Lords debates multilateral nuclear disarmament

25 January 2013

Members of the Lords debated the prospects for multilateral nuclear disarmament and the contribution Britain can make, yesterday (Thursday 24 January)

Lord Ramsbotham (Crossbench) opened the debate, saying: 'We sit at nuclear disarmament tables not least because of our possession of nuclear weapons. However, as with France and China during the Cold War and other states that have acquired them later, we do so conscious that we are a bit player compared with the two nuclear giants, the United States and Russia. Like many others, I am absolutely at one with President Obama's commitment in his famous Prague speech of April 2009,"to seek the peace and security of a world without nuclear weapons."’

He continued: ‘...if progress is to be made with the United Kingdom's published position with regard to multilateral nuclear disarmament, and if Britain is to make a credible contribution to achieving that aim, my plea to the minister is that she will recognise the unease and suspicion created by the government's apparent reluctance or refusal to examine all the criteria associated with continuing our possession of nuclear weapons and denial of objective scrutiny and searching debate, and undertake to enable a proper debate on the conclusions of the Trident alternatives review.’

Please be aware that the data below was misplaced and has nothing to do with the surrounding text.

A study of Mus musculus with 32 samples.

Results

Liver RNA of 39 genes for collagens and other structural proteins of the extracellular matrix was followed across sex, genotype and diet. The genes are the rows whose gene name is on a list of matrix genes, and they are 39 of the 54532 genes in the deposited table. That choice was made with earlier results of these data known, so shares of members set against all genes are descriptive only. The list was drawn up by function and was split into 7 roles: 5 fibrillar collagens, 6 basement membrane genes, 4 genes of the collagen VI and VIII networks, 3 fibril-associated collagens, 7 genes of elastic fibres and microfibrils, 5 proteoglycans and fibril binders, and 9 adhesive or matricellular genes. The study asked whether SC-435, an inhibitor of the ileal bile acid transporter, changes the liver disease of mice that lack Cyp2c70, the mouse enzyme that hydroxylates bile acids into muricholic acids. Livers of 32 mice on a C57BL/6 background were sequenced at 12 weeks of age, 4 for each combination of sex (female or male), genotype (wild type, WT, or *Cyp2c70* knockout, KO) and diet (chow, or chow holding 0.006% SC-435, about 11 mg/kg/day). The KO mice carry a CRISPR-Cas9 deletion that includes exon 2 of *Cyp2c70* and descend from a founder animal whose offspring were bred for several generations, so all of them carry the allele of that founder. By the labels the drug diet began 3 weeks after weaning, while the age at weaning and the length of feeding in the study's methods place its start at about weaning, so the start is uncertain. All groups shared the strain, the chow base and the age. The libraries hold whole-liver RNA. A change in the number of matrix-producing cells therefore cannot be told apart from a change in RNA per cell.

Baroness Williams of Crosby (Liberal Democrat) followed, saying: ‘I suggest strongly that we should look to the developments in cyberwarfare, which are terrifying, and at developments in robot warfare, of which we have the example of the drone, which is used increasingly in Pakistan and Afghanistan and is likely now to be used in west Africa, in countries such as Somalia and other out-of-control states, and ask whether Trident is relevant, and whether nuclear weapons are relevant.’

Lord Lea of Crondall (Labour) spoke about the role of inspectors, saying: ‘Huge importance should be attached to the problem of inspection within the regime and the role of the International Atomic Energy Agency (IAEA). When some of us were in Vienna - I have got a long history of being involved with the IAEA for various reasons - and were discussing Iran, it seemed to me that the nuclear powers wanted to push the IAEA procedures to one side. However, we have to recognise the use of the proper procedures in the treaty obligations to which we have signed up and not make things up as we go along.’

Baroness Warsi (Conservative) responded on behalf of the government, saying: ‘The UK strongly supports the goal of a world without nuclear weapons and is active in helping to build the international environment that we hope will deliver this. We have shown considerable leadership in reducing our own nuclear weapons capabilities and in offering reassurances about the very limited and discrete circumstances in which we may contemplate their use... Our contribution towards the goal of multilateral disarmament is and will continue to be strong. We will take every opportunity to pursue our resolute commitment to a world without nuclear weapons.’